Because germs and bacteria can quickly start to grow anywhere that there is moisture, cleaning your reusable water bottle regularly is a must. Here are some tips on how to clean your water bottle effectively.
Reusable water bottles made of glass, plastic or stainless steel are more durable and environmentally friendly than disposable plastic bottles. But if you aren’t cleaning your bottle regularly, bacteria will quickly start to multiply and could easily make you sick – which is why, if you own one, you should know how to clean your water bottle properly.
A study done by treadmillreviews.net examined twelve reusable plastic bottles used by athletes to see just how dirty drinking bottles tend to be, and the results were a bit disturbing. More than 300,000 colony-forming units were found per square centimeter. That means, “to put it bluntly, drinking from the average refillable bottle can be many times worse than licking your dog’s toy.”
Biofilm and harmful bacteria
Some of the bacteria that can be found on your water bottle come from your own body and are harmless. But not all of them. On the twelve plastic bottles examined, over 60 percent of the bacteria found was potentially harmful. If you forget cleaning your water bottle for a few days in a row, the germs will multiply and start to form a slimy layer of gunk called biofilm. Yum.
Cleaning Your Water Bottle: How Often Do You Have to Do it?
The formula is simple: when you use your water bottle, clean your water bottle. If you use it every day, then you need to clean your bottle every day. And no, unfortunately for us lazy people, giving it a quick rinse with hot water is not enough. Hot water alone will not kill all the bacteria that has built up during the day in the small crevices of your bottle. If you want your water bottle to be germ-free, you’ll have to do a proper cleaning job.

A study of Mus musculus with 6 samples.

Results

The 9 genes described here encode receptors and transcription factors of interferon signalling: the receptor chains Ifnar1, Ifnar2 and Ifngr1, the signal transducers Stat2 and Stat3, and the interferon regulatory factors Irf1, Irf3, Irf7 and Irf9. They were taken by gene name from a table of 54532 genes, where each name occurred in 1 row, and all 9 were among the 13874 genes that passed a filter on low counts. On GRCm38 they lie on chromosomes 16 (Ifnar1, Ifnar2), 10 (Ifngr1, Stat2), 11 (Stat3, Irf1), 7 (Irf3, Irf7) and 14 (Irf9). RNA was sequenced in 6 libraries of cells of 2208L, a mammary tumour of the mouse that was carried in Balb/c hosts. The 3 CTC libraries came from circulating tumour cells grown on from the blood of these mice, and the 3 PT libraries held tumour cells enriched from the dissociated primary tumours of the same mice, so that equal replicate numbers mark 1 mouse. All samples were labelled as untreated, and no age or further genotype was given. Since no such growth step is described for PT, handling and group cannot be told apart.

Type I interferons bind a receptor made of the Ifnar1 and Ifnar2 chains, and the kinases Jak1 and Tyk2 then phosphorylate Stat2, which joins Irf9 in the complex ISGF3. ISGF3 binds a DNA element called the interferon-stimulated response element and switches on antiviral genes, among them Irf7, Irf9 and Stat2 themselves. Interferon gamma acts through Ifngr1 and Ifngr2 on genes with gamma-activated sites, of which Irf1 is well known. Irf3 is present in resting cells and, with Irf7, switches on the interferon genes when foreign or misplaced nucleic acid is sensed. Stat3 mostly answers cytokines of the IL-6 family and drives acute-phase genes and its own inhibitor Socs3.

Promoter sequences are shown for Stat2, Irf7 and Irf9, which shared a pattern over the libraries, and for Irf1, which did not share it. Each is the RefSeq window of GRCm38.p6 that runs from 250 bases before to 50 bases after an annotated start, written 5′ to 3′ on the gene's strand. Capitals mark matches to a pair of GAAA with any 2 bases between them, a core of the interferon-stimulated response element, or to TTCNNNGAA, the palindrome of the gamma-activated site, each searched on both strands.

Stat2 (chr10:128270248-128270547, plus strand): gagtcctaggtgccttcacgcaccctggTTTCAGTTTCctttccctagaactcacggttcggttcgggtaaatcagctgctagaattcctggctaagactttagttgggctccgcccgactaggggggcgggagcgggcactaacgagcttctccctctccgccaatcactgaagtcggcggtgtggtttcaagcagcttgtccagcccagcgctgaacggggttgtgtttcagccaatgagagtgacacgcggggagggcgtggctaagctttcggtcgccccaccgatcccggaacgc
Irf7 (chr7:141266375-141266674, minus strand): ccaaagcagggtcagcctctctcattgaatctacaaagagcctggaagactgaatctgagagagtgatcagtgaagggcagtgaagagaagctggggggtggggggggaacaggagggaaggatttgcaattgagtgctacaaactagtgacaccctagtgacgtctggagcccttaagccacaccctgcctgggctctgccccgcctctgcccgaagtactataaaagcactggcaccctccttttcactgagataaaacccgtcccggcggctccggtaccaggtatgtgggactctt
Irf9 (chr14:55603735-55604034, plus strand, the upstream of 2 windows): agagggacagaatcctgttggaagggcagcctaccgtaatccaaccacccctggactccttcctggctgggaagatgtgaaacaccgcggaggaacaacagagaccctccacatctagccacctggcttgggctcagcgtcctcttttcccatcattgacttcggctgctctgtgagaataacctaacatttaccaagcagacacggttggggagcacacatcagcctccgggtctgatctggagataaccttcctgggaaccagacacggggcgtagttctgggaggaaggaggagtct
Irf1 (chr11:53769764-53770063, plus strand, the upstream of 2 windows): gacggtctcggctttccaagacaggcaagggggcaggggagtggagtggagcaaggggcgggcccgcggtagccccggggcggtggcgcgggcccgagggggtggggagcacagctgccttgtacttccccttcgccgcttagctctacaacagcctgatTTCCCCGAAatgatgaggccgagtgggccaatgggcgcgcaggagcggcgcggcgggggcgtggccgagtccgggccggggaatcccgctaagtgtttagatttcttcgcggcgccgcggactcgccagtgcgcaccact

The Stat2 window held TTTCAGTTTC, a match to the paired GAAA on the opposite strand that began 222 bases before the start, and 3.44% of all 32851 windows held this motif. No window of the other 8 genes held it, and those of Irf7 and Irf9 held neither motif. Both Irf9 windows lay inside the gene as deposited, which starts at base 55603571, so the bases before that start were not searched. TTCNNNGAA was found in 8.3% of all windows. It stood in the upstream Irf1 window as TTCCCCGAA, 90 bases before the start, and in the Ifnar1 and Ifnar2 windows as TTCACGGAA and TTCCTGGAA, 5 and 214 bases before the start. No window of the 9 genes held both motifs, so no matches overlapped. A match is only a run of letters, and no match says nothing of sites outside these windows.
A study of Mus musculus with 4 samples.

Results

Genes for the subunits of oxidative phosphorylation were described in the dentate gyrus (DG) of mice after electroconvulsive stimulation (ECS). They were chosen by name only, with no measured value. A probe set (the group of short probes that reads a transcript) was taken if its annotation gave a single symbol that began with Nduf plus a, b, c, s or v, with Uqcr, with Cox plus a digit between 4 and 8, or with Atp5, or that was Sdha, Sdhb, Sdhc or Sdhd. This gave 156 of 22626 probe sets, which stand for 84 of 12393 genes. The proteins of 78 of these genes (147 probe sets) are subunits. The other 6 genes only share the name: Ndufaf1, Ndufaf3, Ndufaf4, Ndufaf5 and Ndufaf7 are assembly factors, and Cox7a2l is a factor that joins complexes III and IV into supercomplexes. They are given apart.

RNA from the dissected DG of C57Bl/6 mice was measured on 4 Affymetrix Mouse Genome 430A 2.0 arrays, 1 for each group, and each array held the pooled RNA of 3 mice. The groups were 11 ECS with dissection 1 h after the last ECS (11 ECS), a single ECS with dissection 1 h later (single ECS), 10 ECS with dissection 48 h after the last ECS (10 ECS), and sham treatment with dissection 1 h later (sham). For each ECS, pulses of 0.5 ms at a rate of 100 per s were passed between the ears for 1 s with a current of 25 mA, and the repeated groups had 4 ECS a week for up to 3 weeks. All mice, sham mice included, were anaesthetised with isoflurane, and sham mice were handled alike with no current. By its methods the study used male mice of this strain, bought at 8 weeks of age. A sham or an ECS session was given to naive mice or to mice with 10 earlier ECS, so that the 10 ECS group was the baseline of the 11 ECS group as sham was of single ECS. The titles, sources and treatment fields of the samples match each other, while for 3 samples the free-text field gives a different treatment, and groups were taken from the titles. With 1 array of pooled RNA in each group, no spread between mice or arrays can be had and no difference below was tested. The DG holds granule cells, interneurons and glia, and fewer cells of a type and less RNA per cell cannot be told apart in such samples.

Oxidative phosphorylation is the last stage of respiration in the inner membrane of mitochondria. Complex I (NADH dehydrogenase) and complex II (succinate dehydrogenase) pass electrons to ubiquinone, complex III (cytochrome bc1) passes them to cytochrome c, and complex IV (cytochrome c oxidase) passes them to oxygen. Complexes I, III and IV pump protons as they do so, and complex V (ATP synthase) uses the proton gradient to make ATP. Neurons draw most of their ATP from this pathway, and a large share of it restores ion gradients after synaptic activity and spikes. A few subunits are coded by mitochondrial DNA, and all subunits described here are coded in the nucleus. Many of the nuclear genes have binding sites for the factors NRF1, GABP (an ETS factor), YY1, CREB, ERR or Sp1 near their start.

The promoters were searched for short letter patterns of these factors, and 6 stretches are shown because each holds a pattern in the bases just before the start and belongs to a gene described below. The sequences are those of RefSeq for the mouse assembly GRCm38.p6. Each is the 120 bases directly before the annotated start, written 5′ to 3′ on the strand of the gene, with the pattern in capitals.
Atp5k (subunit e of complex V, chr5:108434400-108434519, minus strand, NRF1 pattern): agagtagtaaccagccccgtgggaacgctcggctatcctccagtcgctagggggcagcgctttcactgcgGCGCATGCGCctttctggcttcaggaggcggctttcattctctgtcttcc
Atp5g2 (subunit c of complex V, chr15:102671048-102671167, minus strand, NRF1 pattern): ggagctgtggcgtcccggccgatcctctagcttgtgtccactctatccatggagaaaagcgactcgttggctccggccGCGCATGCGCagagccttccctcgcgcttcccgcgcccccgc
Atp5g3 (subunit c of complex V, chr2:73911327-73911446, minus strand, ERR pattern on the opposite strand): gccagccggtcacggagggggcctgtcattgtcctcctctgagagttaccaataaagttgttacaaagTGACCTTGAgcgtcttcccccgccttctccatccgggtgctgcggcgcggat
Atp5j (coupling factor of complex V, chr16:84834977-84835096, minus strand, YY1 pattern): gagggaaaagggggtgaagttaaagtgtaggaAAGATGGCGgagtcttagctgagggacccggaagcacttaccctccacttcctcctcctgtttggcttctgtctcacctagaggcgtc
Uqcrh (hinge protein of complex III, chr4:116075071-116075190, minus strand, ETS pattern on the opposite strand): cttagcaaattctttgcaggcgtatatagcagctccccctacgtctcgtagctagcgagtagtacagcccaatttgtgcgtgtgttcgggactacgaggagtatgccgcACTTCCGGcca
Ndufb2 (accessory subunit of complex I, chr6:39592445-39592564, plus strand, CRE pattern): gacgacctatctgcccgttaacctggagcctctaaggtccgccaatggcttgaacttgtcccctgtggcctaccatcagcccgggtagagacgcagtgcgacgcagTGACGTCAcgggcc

How To Clean Your Water Bottle: Tips
- When cleaning your water bottle, you must use soap. If you’re looking for a fun project, try making your own homemade dish soap!
- Use a scrub brush to scour the grooves around the opening of the bottle.
- Don’t forget the lid! Whether you have a water bottle with a squeeze opening, screw-top, slide-top or straw top, the lid is likely to be the place where the most bacteria builds up.
- Check to see if your water bottle is dishwasher safe: many reusable water bottles are, and this could save you some time. Running a whole dishwasher cycle just for your water bottle isn’t environmentally responsible, but if you’ve already got it loaded up with dirty dishes, throw your bottle and lid in, too.
- If your water bottle is still funky after you cleaned it, try adding a teaspoon of baking powder and warm water to and let it soak for a few hours. Wash again thoroughly afterwards.
- If nothing else works, fill your bottle with white vinegar and allow it to sit overnight. In the morning, wash it out well, and let the bottle air out for a few minutes until the smell of vinegar disappears.
- No matter whether you just rinse the water bottle, disinfect it or clean it in the dishwasher: it’s important to let it dry well afterwards. Bacteria feel particularly comfortable on damp surfaces.